Don’t let your emotions interfere with your success.

There have been times for all of us when we let negative emotions control our actions. I don’t think we can stress enough to the kids, as parents and coaches, the importance of controlling our emotions – having poise. I came across some interesting quotes (see below) by John Wooden, UCLA basketball coach and one of the most successful coaches in any sport ever. Coach Wooden’s success is not something one can argue about. His philosophies regarding poise certainly had something to do with his success as a coach, the success of his teams, and the personal success of his players.

Maybe you can start tracking “Poise Points”.  Every player that makes it through a period, quarter, or any other defined timeframe, without allowing themself to get agitated gets a Poise Point.  This might be more effective than tracking penalties as “Penalty Minutes” accrued denotes failure whereas “Poise Points” accrued denotes success.  Also, “Penalty Minutes” include penalties that occurred as a result of normal play in addition to those that occurred as a result of losing one’s poise – i.e., the “stupid” penalites.  Therefore, tracking Penalty Minutes does not result in a true measure of whether or not a player is achieving the ability to maintain intensity without being hampered by emotionalism (as Coach Wooden refers to below).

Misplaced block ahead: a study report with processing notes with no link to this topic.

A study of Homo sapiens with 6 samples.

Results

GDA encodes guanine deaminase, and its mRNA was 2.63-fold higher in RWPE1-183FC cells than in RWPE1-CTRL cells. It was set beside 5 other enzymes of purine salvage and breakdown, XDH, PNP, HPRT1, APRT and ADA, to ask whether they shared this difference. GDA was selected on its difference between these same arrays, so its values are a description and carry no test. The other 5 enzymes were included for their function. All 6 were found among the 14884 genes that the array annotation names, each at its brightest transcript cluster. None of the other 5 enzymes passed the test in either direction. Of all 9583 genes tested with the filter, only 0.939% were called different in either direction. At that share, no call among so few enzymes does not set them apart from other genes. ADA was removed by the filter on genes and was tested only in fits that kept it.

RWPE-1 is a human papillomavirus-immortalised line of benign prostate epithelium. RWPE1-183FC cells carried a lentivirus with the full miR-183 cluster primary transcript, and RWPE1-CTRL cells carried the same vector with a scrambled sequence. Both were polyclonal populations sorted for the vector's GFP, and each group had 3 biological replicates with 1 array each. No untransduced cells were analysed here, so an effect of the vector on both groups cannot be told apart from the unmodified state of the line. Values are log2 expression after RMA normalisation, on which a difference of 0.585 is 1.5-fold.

From “Wooden on Leadership”, by John Wooden.

“… poise – being true to oneself, not getting rattled, thrown off, or unbalanced regardless of the circumstances or situation.”

“Self-Control in little things leads to control of bigger things. For example, the reason I prohibited profanity – a small issue – during practices was because it was usually caused by frustration or anger. I felt that a player who couldn’t control his language when he got upset during a scrimmage would be more likely to lose control in more damaging ways during the heat of a competition – fouling, fighting, or making other poor decisions that would almost always hurt the team.”

“The team must understand that Self-Control is highly prized: loss of control will not be tolerated.”

“Practice moderation and balance in all that you do.”

“Intensity makes your stronger. Emotionalism makes you weaker.”

“… emotional control is a primary component of consistency, which, in turn, is a primary component of success.”

“Good judgment, common sense, and reason all fly out the window when emotions kick down your door. Unfortunately, this usually happens in times of turmoil or crisis when you and your organization can least afford it. Thus, I explained to our players, managers, trainers, and assistant coaches that there was to be no excessive exuberance when we scored against an opponent at an important juncture nor excessive dejection when an opponent scored against UCLA.”

“If you let your emotions take over, you’ll be outplayed.”

“When balance is lost, an organization grows weaker and is made vulnerable.”